Mostly because when I go out alcohol is involved.
Then my phone gets drunk and I’m looking back at my pictures
like… WHAT IS GOING ON HERE?

blurry
[I’m sure it’s only a coincidence* that Monica is in both of these pictures when my phone is drunk]

And then I remember: Whiskey. My phone enjoys whiskey.
Also. My subjects are uncooperative. Ahem.

megan
[Hi, Megan!]

Luckily I have a day job.
[No you guys, this isn’t my day job either. Even though y’all be acting like it, this is just an entertaining side gig]

But THIS GUY.
Gordon Parks
[guessing prolly not a selfie]

This gentleman is Gordon Parks.
Gordon Parks purchased his first camera at the age of 25 after viewing photographs of migrant workers in a magazine.
His early fashion photographs caught the attention of Marva Louis, wife of the boxer Joe Louis, who encouraged Parks to move to a larger city. Parks and his wife relocated to Chicago in 1940.
He became interested in the low-income black neighborhoods of Chicago’s South Side. In 1941, Parks won a photography fellowship with the Farm Security Administration for his images of the inner city. Parks created some of his most enduring photographs during this fellowship, including “American Gothic, Washington, D.C.,” picturing a member of the FSA cleaning crew in front of an American flag.

After the FSA disbanded, Parks continued to take photographs for the Office of War Information and the Standard Oil Photography Project. He also became a freelance photographer for Vogue
Relocating to Harlem, Parks continued to document city images and characters while working in the fashion industry. His 1948 photographic essay on a Harlem gang leader won Parks a position as a staff photographer for LIFE magazine, the nation’s highest-circulation photographic publication.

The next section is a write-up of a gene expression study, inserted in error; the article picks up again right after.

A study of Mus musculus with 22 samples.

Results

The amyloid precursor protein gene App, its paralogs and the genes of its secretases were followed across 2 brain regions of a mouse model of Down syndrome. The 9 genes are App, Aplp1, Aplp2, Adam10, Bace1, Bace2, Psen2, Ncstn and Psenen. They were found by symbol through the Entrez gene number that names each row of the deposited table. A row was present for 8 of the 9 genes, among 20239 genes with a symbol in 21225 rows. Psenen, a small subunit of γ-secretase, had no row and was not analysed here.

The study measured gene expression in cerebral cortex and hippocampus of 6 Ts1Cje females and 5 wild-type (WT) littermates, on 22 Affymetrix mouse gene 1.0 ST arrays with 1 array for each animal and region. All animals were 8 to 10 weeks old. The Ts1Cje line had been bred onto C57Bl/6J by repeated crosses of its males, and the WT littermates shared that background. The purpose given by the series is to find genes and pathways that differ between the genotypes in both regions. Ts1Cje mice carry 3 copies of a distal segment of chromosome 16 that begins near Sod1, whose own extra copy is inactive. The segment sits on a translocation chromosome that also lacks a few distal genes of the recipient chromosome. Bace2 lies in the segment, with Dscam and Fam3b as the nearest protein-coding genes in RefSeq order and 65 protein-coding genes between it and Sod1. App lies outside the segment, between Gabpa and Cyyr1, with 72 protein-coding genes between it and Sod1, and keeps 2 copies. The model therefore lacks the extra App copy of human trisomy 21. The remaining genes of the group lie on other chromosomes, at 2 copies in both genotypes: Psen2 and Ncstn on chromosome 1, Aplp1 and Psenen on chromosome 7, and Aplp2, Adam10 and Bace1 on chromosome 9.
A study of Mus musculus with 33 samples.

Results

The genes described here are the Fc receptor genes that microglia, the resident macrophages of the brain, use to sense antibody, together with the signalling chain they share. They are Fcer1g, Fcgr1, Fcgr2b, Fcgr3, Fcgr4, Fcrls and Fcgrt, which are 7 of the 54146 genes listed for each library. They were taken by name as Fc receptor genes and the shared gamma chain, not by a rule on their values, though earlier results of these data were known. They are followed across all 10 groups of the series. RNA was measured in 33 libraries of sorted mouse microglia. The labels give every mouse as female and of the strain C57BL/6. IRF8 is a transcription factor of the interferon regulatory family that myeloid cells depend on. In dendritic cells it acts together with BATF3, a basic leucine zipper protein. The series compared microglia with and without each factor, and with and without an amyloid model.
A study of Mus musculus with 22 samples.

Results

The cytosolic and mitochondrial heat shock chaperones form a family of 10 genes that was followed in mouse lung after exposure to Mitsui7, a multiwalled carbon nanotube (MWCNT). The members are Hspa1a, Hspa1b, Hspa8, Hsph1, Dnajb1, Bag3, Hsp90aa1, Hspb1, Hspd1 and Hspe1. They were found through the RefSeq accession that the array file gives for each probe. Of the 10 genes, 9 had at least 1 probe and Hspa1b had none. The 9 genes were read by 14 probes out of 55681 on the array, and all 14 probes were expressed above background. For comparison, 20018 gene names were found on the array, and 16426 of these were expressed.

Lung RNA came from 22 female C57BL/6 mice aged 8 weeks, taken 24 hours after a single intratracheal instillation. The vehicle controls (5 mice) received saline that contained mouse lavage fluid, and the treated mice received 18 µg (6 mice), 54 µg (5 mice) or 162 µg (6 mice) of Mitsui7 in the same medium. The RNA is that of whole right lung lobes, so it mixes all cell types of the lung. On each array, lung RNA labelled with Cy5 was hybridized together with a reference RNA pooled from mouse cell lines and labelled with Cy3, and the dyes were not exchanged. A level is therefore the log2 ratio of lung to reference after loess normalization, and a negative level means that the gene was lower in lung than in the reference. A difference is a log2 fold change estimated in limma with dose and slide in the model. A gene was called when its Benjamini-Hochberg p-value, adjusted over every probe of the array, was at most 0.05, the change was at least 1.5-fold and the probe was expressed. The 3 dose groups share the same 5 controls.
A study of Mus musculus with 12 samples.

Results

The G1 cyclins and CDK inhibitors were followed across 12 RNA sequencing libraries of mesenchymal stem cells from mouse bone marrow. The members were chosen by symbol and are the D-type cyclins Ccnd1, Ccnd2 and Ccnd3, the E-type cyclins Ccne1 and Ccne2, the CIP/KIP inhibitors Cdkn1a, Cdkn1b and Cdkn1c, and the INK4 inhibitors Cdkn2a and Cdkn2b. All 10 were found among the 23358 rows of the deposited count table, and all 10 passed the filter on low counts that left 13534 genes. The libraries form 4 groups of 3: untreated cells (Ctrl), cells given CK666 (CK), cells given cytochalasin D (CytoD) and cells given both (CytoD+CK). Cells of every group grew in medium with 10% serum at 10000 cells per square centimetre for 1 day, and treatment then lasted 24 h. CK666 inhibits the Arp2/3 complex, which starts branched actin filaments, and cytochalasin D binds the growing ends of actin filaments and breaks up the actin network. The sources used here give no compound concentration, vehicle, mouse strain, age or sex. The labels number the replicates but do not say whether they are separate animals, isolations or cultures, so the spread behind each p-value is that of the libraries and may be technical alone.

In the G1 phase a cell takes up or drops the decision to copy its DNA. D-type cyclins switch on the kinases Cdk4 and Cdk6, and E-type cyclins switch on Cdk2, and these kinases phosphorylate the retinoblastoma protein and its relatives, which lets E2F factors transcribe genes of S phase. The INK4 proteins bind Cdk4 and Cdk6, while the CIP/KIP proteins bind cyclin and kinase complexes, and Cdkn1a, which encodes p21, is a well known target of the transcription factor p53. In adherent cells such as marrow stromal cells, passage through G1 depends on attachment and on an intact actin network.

He became the first African-American photographer for both Life and Vogue magazines.

Parks held this position at Life for 20 years, producing photographs on subjects including fashion, sports and entertainment as well as poverty and racial segregation.

malcolm
[WOW. IT’S ALMOST LIKE THESE PICTURES COULD HAVE BEEN TAKEN YESTERDAY]
He was also took portraits of African-American leaders, including Malcolm X, Stokely Carmichael and Muhammad Ali.

ail
[I love photos of Muhammad Ali. Really I do]

In 1969, Parks became the first African American to direct a major Hollywood movie, the film adaptation of The Learning Tree. He wrote the screenplay and composed the score for the film.
His next film, Shaft, was one of the biggest box-office hits of 1971, inspiring a genre of films known as Blaxploitation. His attempt to deviate from the Shaft series, with the 1976 Leadbelly, was unsuccessful. Following this failure, Parks continued to make films for television, but did not return to Hollywood.

He would go on to publish a number of books throughout his lifetime, including works of fiction, volumes on photographic technique, several memoirs and retrospectives as well,
including A Choice of Weapons. Which is COMPLETELY different from Weapon of Choice. Go figure.

*coincidence. As in she is probably the reason that my phone can’t even see straight.